Wayne Nelson, The Cook's Kitchen – I’m not much of a world traveler in the physical sense, so an easy way for me to connect with other cultures and far off countries is through their regional foods. It’s really the techniques and seasonings that I love to learn about. But it’s tasting that ties everything together. My latest journey to re-discovery has been saffron. It started with the unexpected gift of some wonderful red threads. More than I had ever had in my hand.
The mere appearance and aroma of saffron telegraphs richness like no other spice can. I had purchased small quantities of threads but for some reason or another have always used saffron powder. A dish like a Spanish paella, a bouillabaisse from Marseilles or breads from India all take advantage of saffron’s distinctive color and delicate flavor. There is no substitute.
Now that I had plenty to explore with, the adventure began. The first thing I learned was about infusing crumbled threads in a liquid. Water, wine, sherry or stock were the recommendations to make a “saffron tea” which is allowed to steep for 20 or 30 minutes to get full benefit from the flavor. Warming the liquid helps. The tea is then added to the dish. I had never done that before because when using the more familiar powder, the infusion process is not necessary. Now that I can clearly see that each form behaves differently, I’m really looking forward to experimenting.
Saffron comes from the red colored stigmas of the crocus flower which are picked by hand during the fall in Spain, Greece, India and Iran (which is the largest producing country). Like any delicate cash crop, weather, soil, harvesting and processing have a great influence on the finished product. There are a series of middle-men, importers and distributors between the farmer and the consumer. A very complex system of grading and coloring is used side-by-side with laboratory reports so buyers and educated consumers can determine quality saffron from inferior saffron.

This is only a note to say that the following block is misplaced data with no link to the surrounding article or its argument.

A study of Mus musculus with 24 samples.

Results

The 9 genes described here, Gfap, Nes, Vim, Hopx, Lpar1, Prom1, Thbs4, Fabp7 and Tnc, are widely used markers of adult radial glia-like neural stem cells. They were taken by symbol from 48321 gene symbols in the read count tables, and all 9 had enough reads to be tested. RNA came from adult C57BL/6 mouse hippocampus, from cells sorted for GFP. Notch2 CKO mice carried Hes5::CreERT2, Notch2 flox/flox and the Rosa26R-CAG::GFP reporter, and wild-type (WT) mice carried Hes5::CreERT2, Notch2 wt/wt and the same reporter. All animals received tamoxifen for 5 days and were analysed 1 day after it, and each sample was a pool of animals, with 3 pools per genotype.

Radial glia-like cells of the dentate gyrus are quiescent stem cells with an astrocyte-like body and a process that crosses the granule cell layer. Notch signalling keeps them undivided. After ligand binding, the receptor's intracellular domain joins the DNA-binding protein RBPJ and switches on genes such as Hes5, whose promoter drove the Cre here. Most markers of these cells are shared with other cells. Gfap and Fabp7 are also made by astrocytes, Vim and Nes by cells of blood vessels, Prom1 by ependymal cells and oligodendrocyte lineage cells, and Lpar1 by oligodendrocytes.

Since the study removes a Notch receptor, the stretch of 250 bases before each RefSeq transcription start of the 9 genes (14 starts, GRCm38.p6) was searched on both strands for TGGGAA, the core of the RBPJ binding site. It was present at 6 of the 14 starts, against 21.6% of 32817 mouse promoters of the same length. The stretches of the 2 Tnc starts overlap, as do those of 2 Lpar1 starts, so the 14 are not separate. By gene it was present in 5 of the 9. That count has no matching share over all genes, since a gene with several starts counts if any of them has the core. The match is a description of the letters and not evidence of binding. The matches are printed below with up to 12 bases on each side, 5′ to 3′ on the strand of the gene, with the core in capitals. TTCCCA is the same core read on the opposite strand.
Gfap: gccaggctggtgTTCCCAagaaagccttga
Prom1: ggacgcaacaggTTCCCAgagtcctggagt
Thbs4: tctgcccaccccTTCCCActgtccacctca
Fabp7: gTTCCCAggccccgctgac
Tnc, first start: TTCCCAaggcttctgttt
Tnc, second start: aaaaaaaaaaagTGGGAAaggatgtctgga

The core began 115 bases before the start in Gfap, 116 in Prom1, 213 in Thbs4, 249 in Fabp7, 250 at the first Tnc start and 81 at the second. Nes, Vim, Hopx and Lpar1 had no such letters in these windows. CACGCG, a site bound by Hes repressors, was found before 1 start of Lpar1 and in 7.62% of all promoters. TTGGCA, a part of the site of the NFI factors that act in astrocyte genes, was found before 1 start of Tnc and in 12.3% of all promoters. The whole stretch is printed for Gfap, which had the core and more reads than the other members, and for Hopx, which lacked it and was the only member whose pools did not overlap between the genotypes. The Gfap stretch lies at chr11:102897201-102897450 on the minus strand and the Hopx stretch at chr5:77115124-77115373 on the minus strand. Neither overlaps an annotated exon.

The funny thing, there seems to be considerable debate amongst connoisseurs on which variables and what information should be used to determine quality and price. Now I can see why it is often called “the most expensive spice on the planet”. Although research confirms this statement the cost per use is actually quite low. This is because it does not take very much saffron when cooking. Bouillabaisse for 8 may only require a ¼ teaspoon of threads. A pot of rice needs only a pinch which is about 20 average threads. This puts the cost in the neighborhood of a dollar or three per meal so let’s just say that finding an acceptable balance between price and value is up to the consumer. I can see I’m going to have some fun with this one.
Saffron Rice (Vegan, Gluten-Free, Nut-Free)
- 2 cups uncooked basmati rice
- 3/4 teaspoon crushed saffron threads
- 4 tablespoons (1/4 cup) margarine or butter alternative
- 6 whole cardamom seeds
- 4 whole cloves
- 3 cinnamon sticks
- 1 onion, chopped
- 3 cups vegetable broth
- 1 teaspoon sea salt
Cover the rice with cold water and set aside to soak for 30 minutes.
Place the saffron threads in 2 tablespoons boiling water, and allow them to soak for 20-30 minutes while the rice is soaking.
Melt the butter alternative in a large saucepan over medium heat. Add cardamom, cloves and cinnamon and fry 2 minutes, stirring occasionally. Stir in onion and saute, stirring occasionally, until golden brown. Stir in the rice, reduce heat to low, and simmer for 5 minutes, stirring constantly.
In another pan, bring the vegetable broth to a boil, and pour it over the rice mixutre. Stir in the salt and saffron.
Cover and cook until rice is cooked and all liquid is absorbed, about 40 minutes.